2013-02-13 xml
Take Action on Liver Fluke NOW to Minimise Losses

As lambing approaches the SCOPS group is urging sheep farmers to check ewe body condition and continue the fight against liver fluke this winter.

With widespread reports of thin ewes up and down the UK and confirmed cases of liver fluke disease increasing exponentially, nobody can afford to drop their guard, says sheep farmer and SCOPS chairman Peter Baber.

Ewe and Lambs

photo © Jennifer MacKenzie

He says: “While there are a number of reasons why ewes may be thin, a liver fluke burden is still a major risk factor. The challenge from high levels of liver fluke on pasture continued throughout the first two months of 2013 and many farmers seem unaware that if sheep are put back on high risk pastures they will need to be re-treated with a flukicide five to six weeks later to avoid losses. This means treatments are required more frequently than farmers are used to and SCOPS suspects that there is also confusion because some products used are persistent against worms, but not against liver fluke.”

In addition to making sure additional treatments are given if required, SCOPS advises sheep farmers to:-

  • Check ewe body condition and identify thin ewes NOW. Look for symptoms such as bottle jaw.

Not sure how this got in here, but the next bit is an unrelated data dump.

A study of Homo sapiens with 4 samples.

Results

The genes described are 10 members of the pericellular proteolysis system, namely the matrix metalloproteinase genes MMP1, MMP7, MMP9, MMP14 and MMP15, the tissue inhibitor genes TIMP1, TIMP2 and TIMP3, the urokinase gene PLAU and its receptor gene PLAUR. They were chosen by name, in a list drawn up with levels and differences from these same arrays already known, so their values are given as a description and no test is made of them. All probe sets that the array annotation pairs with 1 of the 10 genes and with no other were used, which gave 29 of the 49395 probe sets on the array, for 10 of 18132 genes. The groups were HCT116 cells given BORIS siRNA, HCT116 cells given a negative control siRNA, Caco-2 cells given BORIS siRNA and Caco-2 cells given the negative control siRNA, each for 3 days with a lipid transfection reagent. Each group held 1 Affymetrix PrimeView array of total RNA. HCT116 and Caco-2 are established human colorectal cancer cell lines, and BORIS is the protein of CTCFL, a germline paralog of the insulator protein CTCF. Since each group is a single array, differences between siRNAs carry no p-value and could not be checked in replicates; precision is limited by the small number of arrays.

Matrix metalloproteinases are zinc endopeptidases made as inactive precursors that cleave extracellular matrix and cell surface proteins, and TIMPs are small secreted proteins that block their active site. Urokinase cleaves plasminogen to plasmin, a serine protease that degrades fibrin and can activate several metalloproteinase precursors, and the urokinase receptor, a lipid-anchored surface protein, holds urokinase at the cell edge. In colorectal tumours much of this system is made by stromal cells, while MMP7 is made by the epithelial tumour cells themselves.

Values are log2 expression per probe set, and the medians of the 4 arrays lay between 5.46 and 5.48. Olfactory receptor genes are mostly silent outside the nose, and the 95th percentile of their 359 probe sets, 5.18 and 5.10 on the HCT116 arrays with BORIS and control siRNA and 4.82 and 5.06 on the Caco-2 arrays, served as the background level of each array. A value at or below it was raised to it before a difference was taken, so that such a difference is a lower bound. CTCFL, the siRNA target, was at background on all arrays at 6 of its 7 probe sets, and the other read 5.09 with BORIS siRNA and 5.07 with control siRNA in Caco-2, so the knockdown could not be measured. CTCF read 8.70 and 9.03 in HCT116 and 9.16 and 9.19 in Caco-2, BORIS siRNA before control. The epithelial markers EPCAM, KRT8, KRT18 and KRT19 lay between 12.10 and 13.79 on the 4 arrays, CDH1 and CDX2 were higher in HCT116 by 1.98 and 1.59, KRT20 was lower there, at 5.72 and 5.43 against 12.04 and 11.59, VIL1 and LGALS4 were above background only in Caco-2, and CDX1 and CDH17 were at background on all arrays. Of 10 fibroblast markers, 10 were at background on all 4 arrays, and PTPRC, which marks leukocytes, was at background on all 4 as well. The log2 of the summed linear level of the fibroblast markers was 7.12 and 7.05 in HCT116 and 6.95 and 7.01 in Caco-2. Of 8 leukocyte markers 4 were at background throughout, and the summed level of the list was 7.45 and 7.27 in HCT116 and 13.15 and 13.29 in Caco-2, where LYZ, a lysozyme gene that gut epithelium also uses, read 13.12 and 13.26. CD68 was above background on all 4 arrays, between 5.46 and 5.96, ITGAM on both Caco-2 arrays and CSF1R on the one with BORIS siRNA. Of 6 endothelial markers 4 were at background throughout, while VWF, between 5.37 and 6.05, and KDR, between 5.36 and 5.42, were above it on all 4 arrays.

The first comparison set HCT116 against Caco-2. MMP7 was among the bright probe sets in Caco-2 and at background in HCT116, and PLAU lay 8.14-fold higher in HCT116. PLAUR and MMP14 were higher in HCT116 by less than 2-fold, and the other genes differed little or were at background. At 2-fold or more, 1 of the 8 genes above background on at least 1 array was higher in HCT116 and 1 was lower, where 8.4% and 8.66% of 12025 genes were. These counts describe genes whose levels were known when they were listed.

• Segregate thin ewes and increase feed levels according to a forage analysis. Even though treatment may have removed the parasites, some ewes will have badly damaged livers and will need additional inputs to get them through lambing.
  • Follow up any sheep going direct to an abattoir. Ask for feedback and if livers are rejected, find out why.
  • Investigate losses and other possible causes of thin ewes – ask your vet to carry out post mortem examinations on deaths and discuss actions to minimise losses in the run up to lambing.
  • Make sure clostridial vaccinations are up to date; Black Disease is a major risk where livers have been damaged by fluke.

SCOPS also says farmers need to start planning ahead now to minimise the impact of liver fluke next season. Lesley Stubbings, independent sheep consultant and member of the SCOPS Steering Group, says: “We don’t know what the weather will bring this year, but there are some steps farmers should be taking which will limit the damage later in 2013 and into 2014.”

These are:-

  • Reduce the amount of pasture contamination this spring by using a treatment that kills any adult liver fluke that have survived in the sheep. Consult your vet or adviser to make sure you choose the right product.
  • Implement management controls where possible. These include identifying the high risk areas on the farm and putting measures in place that will avoid them. Practical steps include fencing off wet areas and attending to leaking troughs, pipes and drainage.
  • Plan to test that your flukicide is working. On high risk farms where triclabendazole (TCBZ) has been heavily relied on it is vital to check that it is still working effectively. While there is some resistance to this treatment it remains an important weapon against immature fluke and SCOPS is concerned that many people have mistaken re-infection this winter with treatment failure.